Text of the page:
Ridley Block Operations to expandWORTHINGTON — A few changes are in store for Ridley Block Operations on the east edge of Worthington in the coming months.
By: Julie Buntjer, Worthington Daily Globe
WORTHINGTON — A few changes are in store for Ridley Block Operations on the east edge of Worthington in the coming months.
The plant that specializes in Crystalyx, a blended molasses nutritional product for cattle, will undergo an expansion by mid-December to manufacture the Golden Lyk line of compressed nutritional blocks for livestock.
Ridley Inc. announced the purchase of Golden Lyk LLC and its parent company, Denco, to shareholders earlier this month. Golden Lyk was being produced in Morris, and the equipment will now be moved to Worthington’s Ridley Block plant.
Paul Standafer, director of plant operations for Ridley Block, said moving the operation to Worthington was the best fit.
“Worthington is the closest block plant to Morris,” he said. “Worthington already is one of the largest block plants Ridley has, we just have a very good workforce here, and we have the room to put it in.”
In addition to relocating equipment to the Worthington facility, Ridley Block Operations will add a 10,500-square-foot warehouse, add exterior bulk bins and increase the size of the production tower at its site. Three employees will be added immediately, with another three to six employees to be added in the next few years, said Standafer.
The acquisition will move Ridley Block Operations into all facets of the livestock block industry, he added. Since the local plant opened in 1983, it has manufactured a low-moisture block for the animal industry. Now, with Golden Lyk, the plant will begin to make and market a compressed nutritional block product.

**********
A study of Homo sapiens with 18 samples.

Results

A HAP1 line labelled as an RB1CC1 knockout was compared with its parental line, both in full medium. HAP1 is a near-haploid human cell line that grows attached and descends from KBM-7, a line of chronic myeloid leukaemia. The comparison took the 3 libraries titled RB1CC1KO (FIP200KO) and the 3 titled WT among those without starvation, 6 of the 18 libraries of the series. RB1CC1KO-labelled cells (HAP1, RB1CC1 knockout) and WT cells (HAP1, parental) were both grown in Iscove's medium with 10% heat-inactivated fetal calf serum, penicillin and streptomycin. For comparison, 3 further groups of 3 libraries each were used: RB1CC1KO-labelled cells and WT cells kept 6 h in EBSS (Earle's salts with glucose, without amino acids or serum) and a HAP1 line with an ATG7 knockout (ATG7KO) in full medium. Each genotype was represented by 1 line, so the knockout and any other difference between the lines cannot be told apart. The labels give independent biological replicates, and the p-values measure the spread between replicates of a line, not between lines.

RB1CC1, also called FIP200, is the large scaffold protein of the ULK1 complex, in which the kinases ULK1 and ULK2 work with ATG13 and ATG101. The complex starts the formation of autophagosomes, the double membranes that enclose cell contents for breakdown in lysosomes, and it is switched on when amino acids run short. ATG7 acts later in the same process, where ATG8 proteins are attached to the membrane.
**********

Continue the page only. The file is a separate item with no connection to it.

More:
“As part of our continued growth strategy … we will also get into composite (block) yet this winter, and we will probably put in a pressed block line next spring,” said Standafer. “(The expansion) gives us another vehicle to get nutrition to the livestock.”
He said the Golden Lyk product is a good line, and sales are expected to increase dramatically with Ridley’s marketing program. The goal is to quadruple sales within the next four years.
“We’ll take the business (Denco) started and run with it,” Standafer said. “It will grow exponentially. That’s how Ridley has really grown the last couple years — by acquisition.”
Ridley Block Operations, a division of Ridley Nutritional Systems, opened in Worthington in 1983 as Livestock Energy Systems. In 1988, the company was sold to Hubbard Feeds, and in 1997, it was sold from Hubbard to Ridley Inc.
Ridley Inc. operates 41 plants in the United States and Canada, with seven plants in the block operations division, including facilities in Worthington and Whitewood, S.D., both in the Midwest, and other plants in Kentucky, Alabama, Texas and California.
The Worthington location ships products to customers within a 500-mile radius and has shipped product internationally on occasion. The plant operates 24 hours per day and has 28 employees at this time.